STANFORD, Calif. — As people age, certain cells in the body can become more problematic than others. Scientists at Stanford Medicine compare this to Smokey the Bear suddenly lighting forest fires instead of putting them out. Until now though, researchers didn’t know why the body begins to develop chronic inflammation during old age. They only knew inflammation could lead to cognitive decline in the brain. Now, a new study has discovered that a set of immune cells are to blame — leading to the possibility of a new treatment that will reverse the mental damage of age.
Professor Katrin Andreasson, a neurologist at Stanford University, says myeloid cells go into inflammatory overdrive as people age. These cells in the brain, circulatory system, and peripheral tissues fight off infectious intruders. They also clean up debris such as dead cells or clumps of proteins and provide nutrients to healthy cells.
As organisms age however, the study finds myeloid cells start neglecting their helpful functions and start hunting for nonexistent pathogens instead. This inflammatory function damages otherwise healthy tissue that gets in the cell’s way.
Blocking out inflammation harmful to the brain
In the study, researchers worked on blocking a particular hormone and receptor abundant in myeloid cells. In experiments on older mice and human cell cultures, the treatment not only restored the body’s youthful metabolism, but also reversed age-related mental decline in the mice. The animals saw their recall and navigation skills return to a level on par with younger mice.
The compound helps immune cells called macrophages – guards that patrol the body for signs of attack – function better by boosting their metabolism. It also inhibits the molecule called PGE2 (prostaglandin E2), which appears more and more in older patients and amps up inflammation.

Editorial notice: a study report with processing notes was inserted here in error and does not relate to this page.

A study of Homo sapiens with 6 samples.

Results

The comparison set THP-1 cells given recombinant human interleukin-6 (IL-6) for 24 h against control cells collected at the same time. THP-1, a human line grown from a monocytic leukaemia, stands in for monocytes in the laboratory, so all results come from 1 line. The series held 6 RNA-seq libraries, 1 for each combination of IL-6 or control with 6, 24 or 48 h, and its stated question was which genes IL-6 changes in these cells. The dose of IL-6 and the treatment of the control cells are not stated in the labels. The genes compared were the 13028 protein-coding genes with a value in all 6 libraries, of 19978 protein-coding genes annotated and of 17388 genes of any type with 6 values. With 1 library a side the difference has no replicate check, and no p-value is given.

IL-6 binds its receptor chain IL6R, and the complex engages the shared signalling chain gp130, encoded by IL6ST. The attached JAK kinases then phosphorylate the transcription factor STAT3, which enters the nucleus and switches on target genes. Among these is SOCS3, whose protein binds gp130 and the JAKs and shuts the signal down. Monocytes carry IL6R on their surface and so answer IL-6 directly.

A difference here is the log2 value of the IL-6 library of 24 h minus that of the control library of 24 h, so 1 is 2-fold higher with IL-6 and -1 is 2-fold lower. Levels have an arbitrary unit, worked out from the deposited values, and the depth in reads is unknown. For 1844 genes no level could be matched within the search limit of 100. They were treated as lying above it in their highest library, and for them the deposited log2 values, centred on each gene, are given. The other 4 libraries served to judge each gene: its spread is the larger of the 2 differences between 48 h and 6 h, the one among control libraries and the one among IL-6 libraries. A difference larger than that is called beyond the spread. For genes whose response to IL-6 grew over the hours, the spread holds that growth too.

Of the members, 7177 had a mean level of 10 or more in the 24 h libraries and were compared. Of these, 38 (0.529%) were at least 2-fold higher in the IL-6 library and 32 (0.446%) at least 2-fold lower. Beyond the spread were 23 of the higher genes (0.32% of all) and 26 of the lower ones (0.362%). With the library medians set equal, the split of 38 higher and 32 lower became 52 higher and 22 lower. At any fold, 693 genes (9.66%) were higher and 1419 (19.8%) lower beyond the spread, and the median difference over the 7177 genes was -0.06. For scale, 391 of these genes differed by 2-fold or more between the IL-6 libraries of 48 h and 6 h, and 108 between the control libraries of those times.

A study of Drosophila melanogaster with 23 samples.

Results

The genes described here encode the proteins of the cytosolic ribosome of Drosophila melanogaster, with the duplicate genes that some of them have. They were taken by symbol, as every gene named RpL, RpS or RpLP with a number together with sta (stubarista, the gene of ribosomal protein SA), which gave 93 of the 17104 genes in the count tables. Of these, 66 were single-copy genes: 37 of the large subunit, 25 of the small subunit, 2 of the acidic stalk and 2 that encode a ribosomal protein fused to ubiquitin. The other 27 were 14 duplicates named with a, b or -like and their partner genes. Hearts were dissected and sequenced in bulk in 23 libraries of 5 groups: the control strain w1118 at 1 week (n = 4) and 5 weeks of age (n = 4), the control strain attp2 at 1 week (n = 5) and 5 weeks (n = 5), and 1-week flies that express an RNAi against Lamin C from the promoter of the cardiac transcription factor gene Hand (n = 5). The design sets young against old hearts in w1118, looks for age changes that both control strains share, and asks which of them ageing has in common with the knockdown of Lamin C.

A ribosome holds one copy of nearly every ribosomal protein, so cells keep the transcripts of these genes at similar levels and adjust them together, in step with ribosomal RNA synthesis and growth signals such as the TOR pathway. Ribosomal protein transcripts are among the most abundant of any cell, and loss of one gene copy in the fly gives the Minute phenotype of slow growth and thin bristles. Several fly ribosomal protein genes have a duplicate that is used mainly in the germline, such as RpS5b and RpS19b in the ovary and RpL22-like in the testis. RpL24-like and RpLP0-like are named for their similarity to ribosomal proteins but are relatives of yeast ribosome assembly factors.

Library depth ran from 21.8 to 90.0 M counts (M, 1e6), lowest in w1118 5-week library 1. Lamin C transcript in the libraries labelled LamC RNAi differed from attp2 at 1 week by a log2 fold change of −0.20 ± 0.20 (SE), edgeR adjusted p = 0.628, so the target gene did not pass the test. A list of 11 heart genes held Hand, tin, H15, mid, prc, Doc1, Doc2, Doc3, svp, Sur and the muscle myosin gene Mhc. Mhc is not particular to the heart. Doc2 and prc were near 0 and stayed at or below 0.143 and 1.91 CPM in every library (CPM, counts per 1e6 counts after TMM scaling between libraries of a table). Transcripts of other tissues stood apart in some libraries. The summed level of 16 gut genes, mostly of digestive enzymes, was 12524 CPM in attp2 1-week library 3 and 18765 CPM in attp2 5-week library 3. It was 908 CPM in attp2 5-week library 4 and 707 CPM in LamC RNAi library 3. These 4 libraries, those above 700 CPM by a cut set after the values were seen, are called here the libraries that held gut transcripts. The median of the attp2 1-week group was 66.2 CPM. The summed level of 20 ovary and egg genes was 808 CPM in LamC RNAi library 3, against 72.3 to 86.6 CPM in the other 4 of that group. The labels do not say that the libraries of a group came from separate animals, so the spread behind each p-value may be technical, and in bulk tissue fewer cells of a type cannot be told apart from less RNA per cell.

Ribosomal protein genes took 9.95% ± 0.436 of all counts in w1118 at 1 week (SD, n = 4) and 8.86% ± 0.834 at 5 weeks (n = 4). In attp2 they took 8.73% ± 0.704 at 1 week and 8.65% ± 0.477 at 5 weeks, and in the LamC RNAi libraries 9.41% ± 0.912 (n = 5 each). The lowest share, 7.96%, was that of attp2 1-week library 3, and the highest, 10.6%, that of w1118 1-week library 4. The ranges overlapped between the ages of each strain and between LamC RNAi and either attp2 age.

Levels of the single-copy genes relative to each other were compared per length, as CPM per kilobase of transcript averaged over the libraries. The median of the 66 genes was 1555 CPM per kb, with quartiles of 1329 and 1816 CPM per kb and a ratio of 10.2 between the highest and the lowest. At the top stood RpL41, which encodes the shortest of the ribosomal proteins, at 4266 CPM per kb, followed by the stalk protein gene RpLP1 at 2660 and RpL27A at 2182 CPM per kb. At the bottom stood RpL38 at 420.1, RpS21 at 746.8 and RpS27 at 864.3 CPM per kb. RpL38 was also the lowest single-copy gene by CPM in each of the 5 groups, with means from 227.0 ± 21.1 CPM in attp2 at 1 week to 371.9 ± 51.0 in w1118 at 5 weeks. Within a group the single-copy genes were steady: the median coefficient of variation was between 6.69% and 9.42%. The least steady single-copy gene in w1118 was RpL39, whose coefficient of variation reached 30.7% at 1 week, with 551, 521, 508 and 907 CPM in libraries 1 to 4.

The macrophages of the aging mice had a lower metabolic rate than those of younger peers. They also displayed high quantities of PGE2. The same applied to macrophages taken from human cell cultures of patients over 65 and under 35.
“It’s a double-whammy — a positive feedback loop,” Prof. Andreasson explains.
This buildup causes them to hoard glucose instead of “spending” it on energy production; driving them into an inflammatory rage and wreaking havoc on aging tissues.
“This powerful pathway drives aging. And it can be downshifted,” Andreasson adds.
Ready for human trials?
Tests on human cells showed similar rejuvenation is possible in people. Importantly, study authors did not observe any toxic side-effects in the mice, opening the door to a medication for human patients.
The study, set to appear in the journal Nature, highlights key changes that underpin cognitive decline and suggests the condition may not be permanent. It’s believed reducing inflammation could slow the aging process and stave off frailty, heart disease, cancer, and even the loss of mental sharpness that happens to nearly everyone in their senior years.
The mice in the study received one of two experimental compounds which interfere with PGE2. Researchers also incubated cultured mouse and human macrophages with these substances. The drugs caused the macrophages to metabolize glucose normally, thereby reversing the cells’ inflammatory characteristics.
One of the drugs was effective at reversing cognitive decline even though it doesn’t penetrate the blood-brain barrier. This suggests that just by resetting macrophages outside the brain, this approach can have a profound impact on what goes on inside the brain too.
“This work has implications not only for the preservation of brain health during aging, but also for conditions such as Alzheimer’s or sepsis,” says Dr. Jonas Neher of the German Centre for Neurodegenerative Diseases in a statement to SWNS. Neher was not involved in the study.
According to the Centers for Disease Control and Prevention, around five million Americans dealt with dementia in 2014. That number is projected to reach 14 million in 2060.
SWNS writer Mark Waghorn contributed to this report.